Cherif, Samar and Maha

Film has always been a medium with a complex and fraught relationship with reality. Starting with the Lumiere brothers’ famous trick undoing what the audience had just seen by reversing the projector, filmmakers have often altered the notion of normal reality or discarded it entirely. Mainstream audiences’ tolerance for films with an irregular view of time and space has moved steadily forward with the passage of time. One frontier that few seem willing to cross is to trust the audience to follow the transitions between different timeframes or realities.

Films like the Butterfly Effect (which remains a great movie) always heavily signpost what is going on or make a quick roundup at the end in case you missed something. Decor, directed by Ahmed Abdalla, takes an entirely different approach. The film respects its audience enough to make seamless transitions and leave open questions. The result is a sublime and challenging work which still retains mainstream appeal.

The film revolves around Maha, a young and talented set designer working in the Egyptian film industry. Whilst under pressure to finish a film which is actively being ruined by its diva star, Maha begins to imagine that she is really living the life of the central character. At the same time, the character (also called Maha) begins to retreat into an escapist fantasy where she actually lives the life of the set designer which she was never able to achieve. Both characters are unhappy in their marriages for different reasons and each character begins to deeply desire that which the other is trying to escape. The two women’s fantasies begin to get out of control and their lives are adversely affected. Maha must decide what is real and what is in her mind before her life falls apart completely.

Decor never felt tiring to watch, despite the considerable depth of its characters and story. By switching between realities which contain different versions of the same characters, the film allows us to develop a more candid understanding of them. The premise is also playfully exploited to string the audience along and to deny them a definitive version of events. Maha’s conversations with her psychiatrist were some of the most memorable scenes.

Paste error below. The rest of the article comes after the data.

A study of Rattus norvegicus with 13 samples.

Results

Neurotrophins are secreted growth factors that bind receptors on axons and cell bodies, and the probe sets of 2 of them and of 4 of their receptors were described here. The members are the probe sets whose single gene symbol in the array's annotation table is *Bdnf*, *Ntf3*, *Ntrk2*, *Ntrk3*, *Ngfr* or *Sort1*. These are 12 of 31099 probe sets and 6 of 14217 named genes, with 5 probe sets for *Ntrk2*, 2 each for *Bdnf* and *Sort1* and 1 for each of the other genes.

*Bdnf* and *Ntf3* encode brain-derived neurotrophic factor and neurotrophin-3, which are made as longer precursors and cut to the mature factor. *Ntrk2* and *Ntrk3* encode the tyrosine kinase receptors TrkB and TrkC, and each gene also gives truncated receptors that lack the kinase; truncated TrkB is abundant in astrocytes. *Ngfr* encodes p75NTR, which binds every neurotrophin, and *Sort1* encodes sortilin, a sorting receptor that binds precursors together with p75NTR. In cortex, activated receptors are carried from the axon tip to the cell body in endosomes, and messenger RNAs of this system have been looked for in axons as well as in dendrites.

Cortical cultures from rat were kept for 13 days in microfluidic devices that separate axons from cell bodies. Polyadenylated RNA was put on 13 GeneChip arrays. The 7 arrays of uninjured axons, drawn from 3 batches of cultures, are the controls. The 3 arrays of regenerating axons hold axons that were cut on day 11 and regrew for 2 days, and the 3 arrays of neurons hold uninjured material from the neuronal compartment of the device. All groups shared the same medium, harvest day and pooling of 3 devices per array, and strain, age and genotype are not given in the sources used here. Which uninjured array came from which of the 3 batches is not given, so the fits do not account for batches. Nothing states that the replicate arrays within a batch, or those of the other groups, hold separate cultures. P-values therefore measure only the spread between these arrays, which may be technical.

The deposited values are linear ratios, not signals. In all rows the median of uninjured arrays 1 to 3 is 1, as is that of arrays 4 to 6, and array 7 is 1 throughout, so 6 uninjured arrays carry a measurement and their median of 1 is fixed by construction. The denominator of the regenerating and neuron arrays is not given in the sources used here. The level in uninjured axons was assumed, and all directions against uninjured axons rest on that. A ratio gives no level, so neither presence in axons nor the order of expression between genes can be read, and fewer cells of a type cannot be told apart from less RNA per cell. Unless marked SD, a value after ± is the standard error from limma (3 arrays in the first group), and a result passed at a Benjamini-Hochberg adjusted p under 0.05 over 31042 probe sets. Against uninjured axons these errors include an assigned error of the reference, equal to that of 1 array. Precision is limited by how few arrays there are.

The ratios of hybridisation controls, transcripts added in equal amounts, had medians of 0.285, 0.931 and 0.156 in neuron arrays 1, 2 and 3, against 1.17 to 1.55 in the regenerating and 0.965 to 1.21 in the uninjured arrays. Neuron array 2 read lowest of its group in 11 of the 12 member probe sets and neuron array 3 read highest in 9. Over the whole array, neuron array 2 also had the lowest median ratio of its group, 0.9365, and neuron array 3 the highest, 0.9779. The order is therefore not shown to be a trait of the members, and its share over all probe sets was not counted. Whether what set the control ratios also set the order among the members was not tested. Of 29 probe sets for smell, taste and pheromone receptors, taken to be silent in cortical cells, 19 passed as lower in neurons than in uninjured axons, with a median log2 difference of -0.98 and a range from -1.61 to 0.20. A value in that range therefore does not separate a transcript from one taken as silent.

During the course of the film, both Mahas receive a stern warning that they must face the fact that their own life is the only one which is truly real. There is much of this wry style of humor woven into the film. The style and precision of the filmmaking is another stand-out point of Decor, and it feels every bit as self-aware and brimming with artifice as the storytelling.

With everything moving along like a finely-oiled machine, the film does falter in places. Maha is painted as a headstrong but conflicted woman in both her incarnations. Despite this, there are times where her motivations are a little hard to believe. As the film progresses, her recklessness in some moments can seem implausible. If Decor is meant as a serious study of mental illness, it feels too romantic and artificial to fill this purpose effectively. Maha remains an excellent central character, but I sometimes found those surrounding her to be more compelling.

Decor is a film which boldly avoids long established narrative conventions without rendering itself completely into an art house classic with limited appeal. The film is beautifully shot with striking imagery and a wealth of affecting sequences. The characters may not always be perfectly constructed, but each one is a cut above the majority of Hollywood offerings which have much higher budgets behind them. Decor is a powerful drama and an art house film to challenge those who normally avoid them.